Friday, June 22, 2012
The Quiet This Morning
I always feel a little melancholy come summer. My kids are off somewhere immersed in warm weather experiences, and I frankly miss them. I'm finally getting used to it. This summer, my soul didn't fight the shape of things quite as fiercely as in past years. A year ago at this time, our family was in possibly the worst turmoil we had ever experienced, and I was the one who provoked it, I was the one who roused the sleeping dogs, put the dire spin on a passing mood, and now I think that I didn't know what I was feeling, I was hollowed out by what was happening with my mom, and my children leaving, and I was looking for an external reality that might offer a reason for how bereft I felt. And so I created one.
A year later, we are okay. Our son has been home several times, and will be here again this weekend. My heart expands every time he walks through that door, and when I see him and his dad engaged in their usual goofy interaction. And this summer, when it came time to drive our girl to camp, my husband was determinedly relaxed about the time we would leave, and I was the one birddogging everything to make sure we left early enough to allow him to drive there and back during his preferred window of time. It was not lost on me that we had exchanged where we stood, each one remembering the lesson of the previous year and wanting to accommodate the other. We didn't make a big deal of it, or even act like we noticed. But I did notice. And I was moved by the love implied.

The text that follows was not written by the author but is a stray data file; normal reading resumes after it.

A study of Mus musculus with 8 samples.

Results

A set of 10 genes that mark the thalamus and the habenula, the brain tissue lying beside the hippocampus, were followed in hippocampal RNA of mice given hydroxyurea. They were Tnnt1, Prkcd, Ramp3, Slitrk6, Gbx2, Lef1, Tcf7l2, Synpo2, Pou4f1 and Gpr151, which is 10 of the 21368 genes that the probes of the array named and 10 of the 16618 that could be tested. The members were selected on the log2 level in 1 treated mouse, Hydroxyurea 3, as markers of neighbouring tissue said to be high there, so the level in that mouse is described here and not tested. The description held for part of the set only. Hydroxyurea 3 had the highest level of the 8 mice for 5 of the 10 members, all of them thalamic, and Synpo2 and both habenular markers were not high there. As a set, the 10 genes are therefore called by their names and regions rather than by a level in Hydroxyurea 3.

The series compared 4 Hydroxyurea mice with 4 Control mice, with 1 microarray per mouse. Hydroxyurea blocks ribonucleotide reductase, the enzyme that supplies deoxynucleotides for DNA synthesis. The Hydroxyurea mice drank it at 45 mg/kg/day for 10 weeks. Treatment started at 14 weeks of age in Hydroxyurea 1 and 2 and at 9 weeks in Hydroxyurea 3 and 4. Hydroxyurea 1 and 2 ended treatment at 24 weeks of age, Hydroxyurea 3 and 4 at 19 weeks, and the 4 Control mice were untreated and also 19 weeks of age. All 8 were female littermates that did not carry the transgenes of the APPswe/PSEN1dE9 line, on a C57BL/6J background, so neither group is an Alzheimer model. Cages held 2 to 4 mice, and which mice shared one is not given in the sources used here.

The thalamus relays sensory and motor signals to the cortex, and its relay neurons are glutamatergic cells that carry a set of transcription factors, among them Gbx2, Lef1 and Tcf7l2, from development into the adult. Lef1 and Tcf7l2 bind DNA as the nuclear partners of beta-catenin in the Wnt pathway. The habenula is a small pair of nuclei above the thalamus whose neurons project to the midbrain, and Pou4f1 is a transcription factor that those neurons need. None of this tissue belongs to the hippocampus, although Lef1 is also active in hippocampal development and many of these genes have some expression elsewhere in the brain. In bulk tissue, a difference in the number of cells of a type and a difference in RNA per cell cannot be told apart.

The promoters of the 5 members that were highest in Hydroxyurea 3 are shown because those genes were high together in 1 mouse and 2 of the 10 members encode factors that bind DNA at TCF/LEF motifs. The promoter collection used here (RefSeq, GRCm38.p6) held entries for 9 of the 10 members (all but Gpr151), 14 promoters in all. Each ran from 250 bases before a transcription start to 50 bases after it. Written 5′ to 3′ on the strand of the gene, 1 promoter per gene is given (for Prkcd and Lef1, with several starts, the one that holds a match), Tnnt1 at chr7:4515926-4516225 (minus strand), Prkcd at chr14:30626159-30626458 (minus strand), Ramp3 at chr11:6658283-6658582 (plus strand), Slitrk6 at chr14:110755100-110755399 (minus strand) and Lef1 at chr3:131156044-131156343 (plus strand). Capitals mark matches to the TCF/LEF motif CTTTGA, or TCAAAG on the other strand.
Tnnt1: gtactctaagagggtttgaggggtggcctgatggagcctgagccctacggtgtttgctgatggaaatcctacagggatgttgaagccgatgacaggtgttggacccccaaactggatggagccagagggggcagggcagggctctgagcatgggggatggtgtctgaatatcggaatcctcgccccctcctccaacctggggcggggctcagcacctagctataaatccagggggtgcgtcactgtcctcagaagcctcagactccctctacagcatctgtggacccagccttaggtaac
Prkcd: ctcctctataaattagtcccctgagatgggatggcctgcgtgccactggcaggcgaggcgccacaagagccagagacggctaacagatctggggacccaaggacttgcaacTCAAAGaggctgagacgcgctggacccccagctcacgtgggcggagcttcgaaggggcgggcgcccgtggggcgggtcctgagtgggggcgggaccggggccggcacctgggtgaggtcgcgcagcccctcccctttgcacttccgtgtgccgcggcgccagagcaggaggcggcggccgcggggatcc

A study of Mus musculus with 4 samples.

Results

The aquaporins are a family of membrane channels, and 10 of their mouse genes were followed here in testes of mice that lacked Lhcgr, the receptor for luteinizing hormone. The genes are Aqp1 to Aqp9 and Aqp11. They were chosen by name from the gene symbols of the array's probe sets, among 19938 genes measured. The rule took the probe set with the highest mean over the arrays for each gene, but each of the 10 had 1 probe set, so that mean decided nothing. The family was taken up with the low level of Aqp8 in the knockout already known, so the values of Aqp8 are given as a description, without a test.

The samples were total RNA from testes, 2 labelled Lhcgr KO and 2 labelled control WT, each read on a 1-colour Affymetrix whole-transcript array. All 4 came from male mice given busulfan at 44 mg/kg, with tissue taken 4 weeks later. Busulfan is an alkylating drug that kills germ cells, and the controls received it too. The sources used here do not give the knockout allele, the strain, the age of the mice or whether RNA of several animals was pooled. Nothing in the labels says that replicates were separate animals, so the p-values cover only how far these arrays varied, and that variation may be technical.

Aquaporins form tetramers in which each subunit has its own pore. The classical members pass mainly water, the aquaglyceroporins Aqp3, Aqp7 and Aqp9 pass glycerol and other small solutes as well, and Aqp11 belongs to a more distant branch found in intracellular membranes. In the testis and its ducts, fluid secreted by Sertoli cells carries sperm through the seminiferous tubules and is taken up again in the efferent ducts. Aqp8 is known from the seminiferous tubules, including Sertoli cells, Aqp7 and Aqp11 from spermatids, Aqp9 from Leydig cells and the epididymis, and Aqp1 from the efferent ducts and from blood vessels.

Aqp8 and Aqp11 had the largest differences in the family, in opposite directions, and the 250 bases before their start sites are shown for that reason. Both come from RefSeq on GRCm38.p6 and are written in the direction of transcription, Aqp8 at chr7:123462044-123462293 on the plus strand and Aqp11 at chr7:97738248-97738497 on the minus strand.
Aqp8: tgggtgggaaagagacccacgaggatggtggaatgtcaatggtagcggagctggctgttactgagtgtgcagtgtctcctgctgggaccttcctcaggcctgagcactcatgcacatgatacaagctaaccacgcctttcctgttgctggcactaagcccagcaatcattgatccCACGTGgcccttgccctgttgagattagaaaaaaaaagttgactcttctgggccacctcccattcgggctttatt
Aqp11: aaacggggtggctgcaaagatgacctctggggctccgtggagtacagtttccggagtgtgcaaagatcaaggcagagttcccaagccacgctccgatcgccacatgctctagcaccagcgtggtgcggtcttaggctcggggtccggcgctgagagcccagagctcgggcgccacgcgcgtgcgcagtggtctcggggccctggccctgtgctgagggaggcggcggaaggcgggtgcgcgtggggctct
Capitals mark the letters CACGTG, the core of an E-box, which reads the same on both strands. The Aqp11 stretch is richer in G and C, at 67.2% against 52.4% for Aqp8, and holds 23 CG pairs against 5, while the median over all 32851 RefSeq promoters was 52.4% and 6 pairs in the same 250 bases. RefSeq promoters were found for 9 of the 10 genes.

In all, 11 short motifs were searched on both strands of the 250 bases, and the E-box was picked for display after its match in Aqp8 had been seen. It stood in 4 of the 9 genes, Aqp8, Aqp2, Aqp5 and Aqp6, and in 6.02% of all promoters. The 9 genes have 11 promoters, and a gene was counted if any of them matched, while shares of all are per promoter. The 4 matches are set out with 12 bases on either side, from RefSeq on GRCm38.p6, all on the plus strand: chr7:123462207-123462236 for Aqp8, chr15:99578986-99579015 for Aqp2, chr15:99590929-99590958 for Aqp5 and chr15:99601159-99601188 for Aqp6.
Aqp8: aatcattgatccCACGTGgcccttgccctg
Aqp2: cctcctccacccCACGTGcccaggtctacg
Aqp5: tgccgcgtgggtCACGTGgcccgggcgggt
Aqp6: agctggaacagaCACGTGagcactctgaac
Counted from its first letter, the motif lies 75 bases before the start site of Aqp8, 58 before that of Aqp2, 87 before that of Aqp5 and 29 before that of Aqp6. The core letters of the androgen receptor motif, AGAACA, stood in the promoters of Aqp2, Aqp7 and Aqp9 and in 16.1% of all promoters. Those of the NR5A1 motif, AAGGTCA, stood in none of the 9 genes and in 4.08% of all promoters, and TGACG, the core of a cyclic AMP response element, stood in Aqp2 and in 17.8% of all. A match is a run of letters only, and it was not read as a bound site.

On the wall in the photo above: Pencil marks noting the height of my children, and of various nieces, nephews and friends, and the dates on which they were measured. We'll never paint over that wall. There are more than a decade of stories in those pencilled marks, children we love who would say before leaving our home, Wait, you have to measure me. How much have I grown?
How much have I grown? A lot, it turns out. While my house feels very quiet this morning, and everything is neat and in its place, a sure sign that our kids are not in residence, I am managing. I am not wallowing at the bottom of a pit, sucking the air. I am putting one foot in front of the other and giving thanks for the shape of things. This is where I am today.